The Placement Program: How Interested Families Can Help


“Give a man a fish and you feed him for a day. Teach a man to fish and you feed him for life.” This oft-quoted proverb conveys in a few words the concepts underpinning the Indian student placement program of the Church.

Each year, approximately five thousand Latter-day Saint youths learn how to “fish” by living with Latter-day Saint foster families. The youths say temporary goodbyes to their Indian families for the duration of the school year and give warm hellos to their new foster families, with whom they live, work, play, and pray while attending school.

This unusual opportunity provides these Indian youths with educational, spiritual, social, and cultural advantages that are priceless! The youths, ranging between eight and eighteen in age, are those who evidence in their own communities an ability to compete in school and adjust to their social surroundings. Continued participation in the program is based upon the student’s upholding the standards of the Church, maintaining passing grades in school, and satisfactorily adjusting in the foster home.

In return, foster families are expected to provide free foster care, including all of the financial assistance that they would normally give to their own children. Participation is voluntary for both the Indian student and the foster family.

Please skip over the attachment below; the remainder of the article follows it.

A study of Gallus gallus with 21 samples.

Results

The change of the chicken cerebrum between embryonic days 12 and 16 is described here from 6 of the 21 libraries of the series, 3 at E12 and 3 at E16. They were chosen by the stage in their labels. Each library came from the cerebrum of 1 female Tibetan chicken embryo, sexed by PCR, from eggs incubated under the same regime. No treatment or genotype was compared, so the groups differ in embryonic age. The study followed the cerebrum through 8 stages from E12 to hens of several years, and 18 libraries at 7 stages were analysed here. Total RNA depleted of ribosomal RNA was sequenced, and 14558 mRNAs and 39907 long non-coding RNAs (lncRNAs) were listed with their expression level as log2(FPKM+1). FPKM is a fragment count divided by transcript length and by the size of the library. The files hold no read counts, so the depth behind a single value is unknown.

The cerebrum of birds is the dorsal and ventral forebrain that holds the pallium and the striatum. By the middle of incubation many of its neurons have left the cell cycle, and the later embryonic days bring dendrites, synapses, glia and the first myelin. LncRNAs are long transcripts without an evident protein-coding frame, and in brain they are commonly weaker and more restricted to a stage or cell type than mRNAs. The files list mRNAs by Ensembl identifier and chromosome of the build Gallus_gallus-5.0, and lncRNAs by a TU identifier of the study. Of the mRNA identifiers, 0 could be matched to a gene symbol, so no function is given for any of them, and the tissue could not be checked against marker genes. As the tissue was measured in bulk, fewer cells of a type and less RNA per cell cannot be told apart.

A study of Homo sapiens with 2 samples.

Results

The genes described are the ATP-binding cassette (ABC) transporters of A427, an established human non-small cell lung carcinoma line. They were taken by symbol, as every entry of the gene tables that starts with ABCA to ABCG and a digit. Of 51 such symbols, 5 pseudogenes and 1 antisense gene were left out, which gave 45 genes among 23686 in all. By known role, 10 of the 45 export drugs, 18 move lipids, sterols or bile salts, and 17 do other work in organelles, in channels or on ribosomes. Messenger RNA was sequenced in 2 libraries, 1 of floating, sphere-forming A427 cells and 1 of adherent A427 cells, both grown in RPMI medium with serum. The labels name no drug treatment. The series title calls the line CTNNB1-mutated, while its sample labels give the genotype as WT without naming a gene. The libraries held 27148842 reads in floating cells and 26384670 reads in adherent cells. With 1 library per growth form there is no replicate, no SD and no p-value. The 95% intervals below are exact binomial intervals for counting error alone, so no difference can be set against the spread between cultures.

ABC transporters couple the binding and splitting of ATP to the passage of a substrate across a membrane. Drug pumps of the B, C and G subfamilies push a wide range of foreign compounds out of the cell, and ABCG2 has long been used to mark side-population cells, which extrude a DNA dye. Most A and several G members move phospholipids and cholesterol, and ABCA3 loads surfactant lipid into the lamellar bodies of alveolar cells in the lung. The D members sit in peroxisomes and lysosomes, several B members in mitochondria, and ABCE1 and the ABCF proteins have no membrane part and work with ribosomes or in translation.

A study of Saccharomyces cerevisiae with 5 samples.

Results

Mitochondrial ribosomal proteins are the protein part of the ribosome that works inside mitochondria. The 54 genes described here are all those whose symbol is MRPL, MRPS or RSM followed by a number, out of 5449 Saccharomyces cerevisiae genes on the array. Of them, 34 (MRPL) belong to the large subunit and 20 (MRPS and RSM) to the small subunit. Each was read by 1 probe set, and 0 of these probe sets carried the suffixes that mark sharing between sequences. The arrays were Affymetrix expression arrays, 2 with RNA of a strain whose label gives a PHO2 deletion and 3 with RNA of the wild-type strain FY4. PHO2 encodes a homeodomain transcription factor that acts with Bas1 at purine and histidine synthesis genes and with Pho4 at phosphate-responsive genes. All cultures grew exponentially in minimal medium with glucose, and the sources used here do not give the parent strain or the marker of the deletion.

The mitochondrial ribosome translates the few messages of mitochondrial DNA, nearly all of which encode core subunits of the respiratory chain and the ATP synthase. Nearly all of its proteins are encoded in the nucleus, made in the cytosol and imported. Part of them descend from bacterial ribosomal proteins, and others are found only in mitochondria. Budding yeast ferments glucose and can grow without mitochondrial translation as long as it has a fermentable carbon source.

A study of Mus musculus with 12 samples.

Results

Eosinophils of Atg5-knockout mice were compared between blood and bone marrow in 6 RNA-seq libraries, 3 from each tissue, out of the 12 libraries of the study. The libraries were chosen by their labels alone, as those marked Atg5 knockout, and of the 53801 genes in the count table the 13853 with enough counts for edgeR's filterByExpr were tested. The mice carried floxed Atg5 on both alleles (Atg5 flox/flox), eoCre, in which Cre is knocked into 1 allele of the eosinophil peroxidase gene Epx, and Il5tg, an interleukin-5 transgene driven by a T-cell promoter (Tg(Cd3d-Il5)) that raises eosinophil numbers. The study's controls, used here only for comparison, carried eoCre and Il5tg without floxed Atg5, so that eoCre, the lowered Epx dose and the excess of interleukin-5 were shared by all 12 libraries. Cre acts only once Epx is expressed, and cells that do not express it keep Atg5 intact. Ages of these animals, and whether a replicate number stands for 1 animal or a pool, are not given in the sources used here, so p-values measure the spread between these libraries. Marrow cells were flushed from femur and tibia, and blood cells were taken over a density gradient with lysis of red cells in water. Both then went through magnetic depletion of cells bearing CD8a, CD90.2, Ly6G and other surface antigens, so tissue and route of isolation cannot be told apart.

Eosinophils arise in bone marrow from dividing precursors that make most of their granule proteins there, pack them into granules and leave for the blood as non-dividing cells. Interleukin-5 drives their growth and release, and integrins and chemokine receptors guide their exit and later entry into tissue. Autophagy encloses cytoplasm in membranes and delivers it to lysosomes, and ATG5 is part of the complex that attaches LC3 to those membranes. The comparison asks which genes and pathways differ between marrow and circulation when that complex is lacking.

“How can I help?” is a frequently asked question concerning this program. Here’s how:

1. Recognize that now is the time to do something. Arrangements for the coming school year are made during the months of July and August.

2. After prayerful consideration and open discussion with all members of your family, if your family wants to serve as a foster family to an Indian youth, contact immediately your bishop or branch president, who will discuss with you various aspects of the program.

Assisting your bishop or branch president will be one of the fully licensed child-placement agencies that have been established in the United States and western Canada. The professional social worker of this agency will play a back-up role for your bishop by providing assistance where needed.

At the end of the school year, the Indian youths return to their natural homes and renew acquaintances and share with natural families the experiences of the preceding nine months.

The program is an inspired one. It changes for the better the lives of thousands of choice Indian youths. It also changes for the better many foster families who warmly welcome into their homes Indian youths who want help in meeting today’s world.